Blog Entries: 1

Equation 1.51 in Goldstein's 3rd edition of Classical Mechanics

I am trying to self-study some physics, and have gotten a little stuck in one of Goldstein's derivations. The dot-notation is still confusing to me. Equation 1.51 in Goldstein states that

$$\frac{\partial \vec{v_i}}{\partial \dot{q_j}} = \frac{\partial \vec{r_i}}{q_j}$$

I do not understand how he arrives at this equation. He states that this comes from equation 1.46, which is

$$v_i = \frac{dr_i}{dt} = \frac{\partial r_i}{\partial q_k}\dot{q_k} + \frac{\partial r_i}{\partial t}$$

where the summation convention is implied, but I do not see how he goes from here to 1.51. Any help would be appreciated. Thanks.

 PhysOrg.com physics news on PhysOrg.com >> Promising doped zirconia>> New X-ray method shows how frog embryos could help thwart disease>> Bringing life into focus
 Blog Entries: 1 Never mind. I've got it. Now that I see it it is pretty damned obvious. You literally just take the derivative. I feel stupid for asking.
 Recognitions: Science Advisor It's not so stupid! It's even a somwhat sloppy physicists' notation, which is however very convenient. The argument goes as follows: On the one hand your second equation, which is given by taking the time derivative via the chain rule $$r_i=r_i[q_k(t),t] \; \Rightarrow \; \dot{r}_i=\frac{\partial r_i}{\partial q_k} \dot{q}_k+\frac{\partial r_i}{\partial t}.$$ On the other hand within the Lagrange or d'Alembert formalism you forget that $\dot{x}$ is the time derivative of a quantity $x$ but treat $x$ and $\dot{x}$ simply as names for independent variables. In this sense you take the partial derivatives of an expression wrt. $\dot{q}_k$ as if these "generalized velocities" were independent variables. However, if you again take a total time derivative, you read $\dot{q}_k$ again as time derivative of $q_k$, i.e., you write $$\frac{\mathrm{d} \dot{q}_k}{\mathrm{d} t}=\ddot{q}_k$$ but the partial derivative wrt. time only refers to the explicit time dependence of a variable which by definition is not contained in the time dependence of the $q_k$ or $\dot{q}_k$,i.e., you have $$\frac{\partial q_k}{\partial t}=\frac{\dot{\partial q}_k}{\partial t}=0.$$ When I started to learn analytical mechanics, this was a big mystery for me too, but the book by Goldstein at the end helped a lot. Another of my alltime favorites for classical physics are Sommerfeld's Lectures on Theoretical Physics (for point mechanics it's vol. 1), which I hightly recommend to read in parallel with Goldstein.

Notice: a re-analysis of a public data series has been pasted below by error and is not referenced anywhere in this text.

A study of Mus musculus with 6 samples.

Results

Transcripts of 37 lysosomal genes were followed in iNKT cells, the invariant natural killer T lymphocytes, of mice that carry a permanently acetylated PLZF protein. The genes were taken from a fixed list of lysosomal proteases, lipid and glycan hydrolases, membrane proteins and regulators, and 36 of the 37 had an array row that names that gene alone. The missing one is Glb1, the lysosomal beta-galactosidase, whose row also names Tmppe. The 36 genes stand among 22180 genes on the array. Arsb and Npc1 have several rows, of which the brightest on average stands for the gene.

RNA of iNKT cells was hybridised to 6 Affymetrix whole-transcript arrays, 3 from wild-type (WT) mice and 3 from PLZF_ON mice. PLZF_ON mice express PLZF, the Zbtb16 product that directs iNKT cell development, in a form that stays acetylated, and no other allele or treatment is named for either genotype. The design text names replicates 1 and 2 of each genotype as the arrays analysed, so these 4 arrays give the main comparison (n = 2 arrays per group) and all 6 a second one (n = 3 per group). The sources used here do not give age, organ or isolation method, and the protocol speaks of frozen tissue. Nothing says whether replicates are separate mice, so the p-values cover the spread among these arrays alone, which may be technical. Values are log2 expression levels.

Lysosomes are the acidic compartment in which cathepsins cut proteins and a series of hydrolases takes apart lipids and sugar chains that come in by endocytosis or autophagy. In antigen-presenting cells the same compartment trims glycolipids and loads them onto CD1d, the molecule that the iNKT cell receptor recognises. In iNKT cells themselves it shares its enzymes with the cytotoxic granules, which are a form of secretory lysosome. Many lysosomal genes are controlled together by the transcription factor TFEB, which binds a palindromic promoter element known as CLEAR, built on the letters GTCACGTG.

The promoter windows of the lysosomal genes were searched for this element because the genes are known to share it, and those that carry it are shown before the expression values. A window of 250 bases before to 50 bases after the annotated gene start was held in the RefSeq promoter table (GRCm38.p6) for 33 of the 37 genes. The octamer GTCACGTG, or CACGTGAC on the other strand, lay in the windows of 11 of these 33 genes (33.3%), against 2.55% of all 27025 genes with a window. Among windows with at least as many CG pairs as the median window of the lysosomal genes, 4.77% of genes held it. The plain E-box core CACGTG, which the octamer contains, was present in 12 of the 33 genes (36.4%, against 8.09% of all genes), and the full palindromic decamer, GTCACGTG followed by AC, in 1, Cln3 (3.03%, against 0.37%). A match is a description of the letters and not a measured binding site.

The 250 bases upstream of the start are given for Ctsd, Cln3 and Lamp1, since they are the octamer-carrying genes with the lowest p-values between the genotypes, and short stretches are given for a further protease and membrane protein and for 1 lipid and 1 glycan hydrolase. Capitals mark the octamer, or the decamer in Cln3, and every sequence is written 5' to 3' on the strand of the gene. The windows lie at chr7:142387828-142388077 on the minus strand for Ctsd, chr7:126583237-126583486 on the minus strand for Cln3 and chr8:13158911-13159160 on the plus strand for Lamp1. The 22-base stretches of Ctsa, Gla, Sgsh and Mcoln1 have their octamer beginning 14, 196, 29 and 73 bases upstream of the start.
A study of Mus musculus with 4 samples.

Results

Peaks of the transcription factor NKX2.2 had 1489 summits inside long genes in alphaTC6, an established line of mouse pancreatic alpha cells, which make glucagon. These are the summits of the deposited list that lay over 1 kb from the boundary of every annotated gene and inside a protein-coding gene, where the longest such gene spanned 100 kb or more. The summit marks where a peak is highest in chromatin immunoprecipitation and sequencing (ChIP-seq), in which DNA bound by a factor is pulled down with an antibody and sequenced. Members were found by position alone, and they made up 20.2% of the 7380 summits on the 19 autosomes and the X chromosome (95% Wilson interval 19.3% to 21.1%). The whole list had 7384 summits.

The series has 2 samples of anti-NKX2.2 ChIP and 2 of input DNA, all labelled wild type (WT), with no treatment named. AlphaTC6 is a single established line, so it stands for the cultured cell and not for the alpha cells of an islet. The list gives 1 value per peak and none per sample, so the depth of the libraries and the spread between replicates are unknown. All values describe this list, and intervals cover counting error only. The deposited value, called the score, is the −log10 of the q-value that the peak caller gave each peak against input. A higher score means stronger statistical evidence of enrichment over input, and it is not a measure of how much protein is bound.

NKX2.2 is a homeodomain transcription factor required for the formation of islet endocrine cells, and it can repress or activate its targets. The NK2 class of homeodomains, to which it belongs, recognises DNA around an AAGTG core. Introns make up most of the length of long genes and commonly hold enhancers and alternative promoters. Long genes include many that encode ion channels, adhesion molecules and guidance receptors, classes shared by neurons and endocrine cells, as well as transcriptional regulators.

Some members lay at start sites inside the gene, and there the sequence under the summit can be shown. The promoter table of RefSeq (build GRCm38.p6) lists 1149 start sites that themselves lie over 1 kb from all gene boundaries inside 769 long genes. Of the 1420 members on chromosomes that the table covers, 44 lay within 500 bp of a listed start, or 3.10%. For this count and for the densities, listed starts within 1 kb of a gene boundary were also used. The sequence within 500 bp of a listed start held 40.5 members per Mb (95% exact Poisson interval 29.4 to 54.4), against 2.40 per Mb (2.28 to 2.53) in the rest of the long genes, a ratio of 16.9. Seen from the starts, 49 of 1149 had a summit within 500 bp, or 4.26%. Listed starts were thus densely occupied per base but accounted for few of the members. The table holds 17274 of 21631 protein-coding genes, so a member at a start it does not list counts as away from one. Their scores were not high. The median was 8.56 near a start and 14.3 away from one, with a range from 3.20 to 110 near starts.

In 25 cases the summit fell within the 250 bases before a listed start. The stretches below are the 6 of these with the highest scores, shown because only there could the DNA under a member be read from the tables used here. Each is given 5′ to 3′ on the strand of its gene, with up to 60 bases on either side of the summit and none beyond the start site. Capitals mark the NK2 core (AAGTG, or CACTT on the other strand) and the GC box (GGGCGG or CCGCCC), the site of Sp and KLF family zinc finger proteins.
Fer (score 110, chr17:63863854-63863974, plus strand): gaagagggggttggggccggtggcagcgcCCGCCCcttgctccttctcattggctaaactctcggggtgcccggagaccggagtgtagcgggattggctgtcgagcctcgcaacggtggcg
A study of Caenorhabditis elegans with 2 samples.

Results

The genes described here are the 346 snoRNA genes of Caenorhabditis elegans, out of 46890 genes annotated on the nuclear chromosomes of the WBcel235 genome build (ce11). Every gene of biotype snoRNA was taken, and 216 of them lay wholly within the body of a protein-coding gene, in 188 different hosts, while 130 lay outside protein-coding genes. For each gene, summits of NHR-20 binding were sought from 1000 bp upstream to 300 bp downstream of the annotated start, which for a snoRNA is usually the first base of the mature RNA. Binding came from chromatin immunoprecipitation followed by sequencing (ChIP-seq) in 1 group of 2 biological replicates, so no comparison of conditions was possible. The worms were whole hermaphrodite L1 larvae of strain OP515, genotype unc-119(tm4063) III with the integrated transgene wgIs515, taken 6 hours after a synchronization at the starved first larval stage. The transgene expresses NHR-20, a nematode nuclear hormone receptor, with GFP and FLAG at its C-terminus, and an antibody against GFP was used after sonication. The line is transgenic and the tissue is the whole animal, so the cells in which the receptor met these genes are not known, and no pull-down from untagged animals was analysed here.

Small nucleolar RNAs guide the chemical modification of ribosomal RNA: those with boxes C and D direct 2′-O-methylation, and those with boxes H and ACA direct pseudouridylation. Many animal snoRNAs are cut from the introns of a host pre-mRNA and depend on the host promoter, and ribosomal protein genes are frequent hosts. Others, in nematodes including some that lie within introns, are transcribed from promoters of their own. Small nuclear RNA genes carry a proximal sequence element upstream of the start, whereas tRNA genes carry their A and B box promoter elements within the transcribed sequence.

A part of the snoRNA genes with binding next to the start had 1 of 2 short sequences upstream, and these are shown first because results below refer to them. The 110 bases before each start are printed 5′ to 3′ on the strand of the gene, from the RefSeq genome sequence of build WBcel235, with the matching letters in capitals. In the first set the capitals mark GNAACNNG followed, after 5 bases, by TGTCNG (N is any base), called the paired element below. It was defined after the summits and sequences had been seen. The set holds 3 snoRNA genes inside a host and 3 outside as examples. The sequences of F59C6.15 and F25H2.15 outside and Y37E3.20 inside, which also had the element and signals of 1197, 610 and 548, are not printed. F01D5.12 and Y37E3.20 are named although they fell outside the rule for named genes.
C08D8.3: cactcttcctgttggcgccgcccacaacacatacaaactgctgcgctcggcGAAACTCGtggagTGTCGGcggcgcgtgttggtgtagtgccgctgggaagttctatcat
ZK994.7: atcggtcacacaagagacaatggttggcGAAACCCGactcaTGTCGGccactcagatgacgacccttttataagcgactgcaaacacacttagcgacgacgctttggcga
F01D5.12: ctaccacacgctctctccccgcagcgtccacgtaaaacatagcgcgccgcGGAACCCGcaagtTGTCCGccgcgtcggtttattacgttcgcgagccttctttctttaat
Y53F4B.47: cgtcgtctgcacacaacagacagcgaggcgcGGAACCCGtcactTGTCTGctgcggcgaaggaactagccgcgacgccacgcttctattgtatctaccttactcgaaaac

Blog Entries: 1

Equation 1.51 in Goldstein's 3rd edition of Classical Mechanics

Hello, and thanks for your reply! This is exactly some of my difficulty with this subject: when we only explicit dependence counts, or when implicit dependence counts as well -- specifically with things such as time-dependent constraints. I suppose I need to go back and look over some of my multivariable calculus notes.

I have never tried (or even heard of) the Sommerfeld lectures, and I will certainly look into them. I have an old book by Robert Becker called Introduction to Theoretical Mechanics that I have found particularly useful.